Rosh Hashanah, the Jewish New Year, starts Sunday at sundown. So what do you want for this new year? Set your intention now. Rosh Hashanah offers “the most positive time to make a change in your life,” says Jeffrey Cohan, executive director of Jewish Veg.
Rosh Hashanah is when Cohan and his wife began their own “plant based journey.” Attending temple services a few years ago, they listened as someone read from Genesis 1:29, the section where God tells Adam and Eve, “Behold, I have given you every plant yielding seed that is on the face of all the earth, and every tree with seed in its fruit. You shall have them for food.” “My wife and I looked at each other and said, ‘We’re supposed to be vegetarian,'” says Cohan.
The two gave up meat on the spot and ultimately went vegan. Having grown up in a household where meat was served “at every meal,” Cohan found going meatless was surprisingly easy and “totally transformative.” He not only felt better, it resonated with him spiritually.
Cohan had been raised Jewish, but vaguely so, in a secular family. “I was struggling with Jewish liturgy. My spirituality hadn’t developed yet, the High Holidays were tedious for me.” Jewish Veg’s executive director since 2012, Cohan says, “The amazing thing about going vegan is it changes the way you interact with people and animals. We truly see the world in a different, beautiful way.”
Many of Jewish Veg’s members first approach giving up meat to boost their health. They’ve got a great resource with the nonprofit’s advisers including Dr. Joel Kahn and Nutrition Facts’ Dr. Michael Greger. Increasingly, though, the interest is in animal rights, the environment and of course, ethics, wanting to live and eat in sync with Judaism’s tenets. Jewish Veg, which turned 40 last fall, provides information and support for whatever’s driving your passion, whether you’re looking for a Jewish vegan partner or a veganized version of a cherished holiday recipe.
“We don’t have to give up any of our Jewish favorites,” says Cohan. “You can have brisket, but it doesn’t have to be made animal flesh. Do it using seitan. You’ve got the same sauce, same onions, it will be just as delicious, you’ll feel better about it and you’ll be healthy.”
I’d add the real special sauce is us. We knot food and feelings together all the time. What we want — especially at the holidays — is love, celebration, togetherness, a sense that everything’s going to be all right. The key is choosing how to best express it. It doesn’t come from brisket. It comes from us. That’s what we bring to the table. A meal that causes no harm to others only furthers that love.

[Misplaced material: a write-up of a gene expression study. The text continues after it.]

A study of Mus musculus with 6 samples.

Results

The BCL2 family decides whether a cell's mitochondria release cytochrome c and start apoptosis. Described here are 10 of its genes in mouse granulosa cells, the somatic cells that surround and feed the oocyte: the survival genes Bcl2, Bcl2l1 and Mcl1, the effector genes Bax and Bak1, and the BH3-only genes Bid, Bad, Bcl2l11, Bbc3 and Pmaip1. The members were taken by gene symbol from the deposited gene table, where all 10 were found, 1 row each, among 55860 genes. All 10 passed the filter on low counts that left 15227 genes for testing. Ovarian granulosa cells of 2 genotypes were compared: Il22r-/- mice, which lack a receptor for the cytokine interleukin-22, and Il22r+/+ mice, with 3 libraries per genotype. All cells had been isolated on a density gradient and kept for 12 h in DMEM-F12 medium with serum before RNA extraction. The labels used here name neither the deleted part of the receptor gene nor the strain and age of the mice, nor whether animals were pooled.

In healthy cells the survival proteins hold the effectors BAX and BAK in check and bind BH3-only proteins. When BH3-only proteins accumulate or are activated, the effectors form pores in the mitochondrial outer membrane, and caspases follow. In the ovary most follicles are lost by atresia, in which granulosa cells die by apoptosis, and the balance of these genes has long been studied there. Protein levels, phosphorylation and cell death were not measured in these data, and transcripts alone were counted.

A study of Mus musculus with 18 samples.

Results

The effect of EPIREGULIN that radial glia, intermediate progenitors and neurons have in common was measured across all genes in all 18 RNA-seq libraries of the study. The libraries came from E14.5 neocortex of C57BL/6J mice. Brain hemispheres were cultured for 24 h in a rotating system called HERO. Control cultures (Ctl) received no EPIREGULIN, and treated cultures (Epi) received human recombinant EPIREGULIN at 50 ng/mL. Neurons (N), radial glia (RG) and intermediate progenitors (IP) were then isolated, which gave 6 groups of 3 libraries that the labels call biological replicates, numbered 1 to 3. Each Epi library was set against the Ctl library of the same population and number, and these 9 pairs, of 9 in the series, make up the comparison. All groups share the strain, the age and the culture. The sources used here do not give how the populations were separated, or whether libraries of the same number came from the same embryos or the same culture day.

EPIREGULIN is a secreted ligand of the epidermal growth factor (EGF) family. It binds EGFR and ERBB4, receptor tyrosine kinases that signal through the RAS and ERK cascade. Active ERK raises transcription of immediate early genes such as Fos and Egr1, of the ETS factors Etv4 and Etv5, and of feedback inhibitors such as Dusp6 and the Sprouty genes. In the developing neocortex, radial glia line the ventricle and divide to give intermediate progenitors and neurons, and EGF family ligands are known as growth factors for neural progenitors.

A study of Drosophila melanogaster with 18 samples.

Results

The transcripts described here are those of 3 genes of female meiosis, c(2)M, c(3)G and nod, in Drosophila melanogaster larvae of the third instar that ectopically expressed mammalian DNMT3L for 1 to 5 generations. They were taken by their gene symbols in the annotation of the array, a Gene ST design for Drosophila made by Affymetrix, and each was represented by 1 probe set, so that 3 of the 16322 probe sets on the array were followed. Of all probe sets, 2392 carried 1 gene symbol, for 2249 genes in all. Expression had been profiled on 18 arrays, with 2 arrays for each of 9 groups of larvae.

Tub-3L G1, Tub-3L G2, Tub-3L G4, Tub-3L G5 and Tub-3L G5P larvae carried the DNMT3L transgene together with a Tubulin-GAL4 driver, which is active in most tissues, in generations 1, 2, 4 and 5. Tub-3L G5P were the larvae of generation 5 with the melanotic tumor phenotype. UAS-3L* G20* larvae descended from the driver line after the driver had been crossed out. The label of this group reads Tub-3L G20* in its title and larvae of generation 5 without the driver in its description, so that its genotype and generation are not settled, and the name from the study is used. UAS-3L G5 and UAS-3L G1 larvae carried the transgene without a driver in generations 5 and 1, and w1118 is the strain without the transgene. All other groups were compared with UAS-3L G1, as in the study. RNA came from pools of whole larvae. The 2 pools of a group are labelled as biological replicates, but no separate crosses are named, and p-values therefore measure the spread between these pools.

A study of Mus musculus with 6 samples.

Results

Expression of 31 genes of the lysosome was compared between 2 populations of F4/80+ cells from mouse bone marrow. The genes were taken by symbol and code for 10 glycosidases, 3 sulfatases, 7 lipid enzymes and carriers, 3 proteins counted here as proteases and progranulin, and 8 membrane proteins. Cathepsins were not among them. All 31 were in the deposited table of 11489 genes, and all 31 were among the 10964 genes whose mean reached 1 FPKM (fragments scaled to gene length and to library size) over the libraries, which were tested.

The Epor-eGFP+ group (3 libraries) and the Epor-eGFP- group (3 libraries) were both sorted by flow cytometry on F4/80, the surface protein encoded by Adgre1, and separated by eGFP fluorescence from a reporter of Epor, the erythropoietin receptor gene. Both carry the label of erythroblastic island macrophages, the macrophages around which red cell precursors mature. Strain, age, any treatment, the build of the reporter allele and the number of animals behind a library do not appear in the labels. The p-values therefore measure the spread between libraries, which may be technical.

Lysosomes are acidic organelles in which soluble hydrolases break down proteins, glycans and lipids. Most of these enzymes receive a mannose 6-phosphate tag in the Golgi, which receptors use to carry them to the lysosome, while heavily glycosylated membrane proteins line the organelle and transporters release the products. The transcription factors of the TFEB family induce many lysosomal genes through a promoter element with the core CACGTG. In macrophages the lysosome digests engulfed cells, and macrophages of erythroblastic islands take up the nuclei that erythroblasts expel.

“Nobody supports cruelty to animals. People want to be healthier, too,” says Cohan. “One of the beautiful things about being vegan is it eliminates” any conflict between “our values and our actions.” *
Ready to make a change? Now’s the time. “Rosh Hashanah is the most opportune time for action, a prime opportunity to engage in some soul-searching and to look at everything we’re doing,” says Cohan. “By starting the new year with a vegan meal, you’re aligning yourself with the highest ideals of the Jewish religion, starting the year in the most compassionate way possible.”
Vegan Date Honey
There are seven sacred foods in Judaism. None of them are brisket. All are vegan, even honey, which here comes from dates and not from bees.
This fruit purée has the thick consistency of apple butter. Spread it on toast, dot it on oatmeal or whole grain pancakes, and by all means, dip apples in it at Rosh Hashanah for a new spin on an old tradition.
Orange flower water is available at Middle Eastern markets.
1-1/3 cup water or black tea
1 cup pitted dates (Deglet Noor or Medjools)
1-1/2 teaspoons lemon juice
1/2 teaspoon orange flower water (optional but heavenly)
In a small saucepan, bring water to boil. Add dates and stir. Cover the pot and turn off the heat. Leave the pot on the burner for 30 minutes.
Pour the dates and water or tea into a food processor and process for 2 minutes, or until smooth and saucy. Add lemon juice and optional orange flower water. Process again for another minute. Keeps covered and refrigerated for several months.
Makes 1 cup.
* The alignment of human health, animal rights, social justice and Jewish ethics is the subject at tomorrow night’s New York talk with FARM founder and Jewish Veg Advisory Council member Alex Hershaft. Tickets still available.
The original version of this post first ran on September 14, 2015.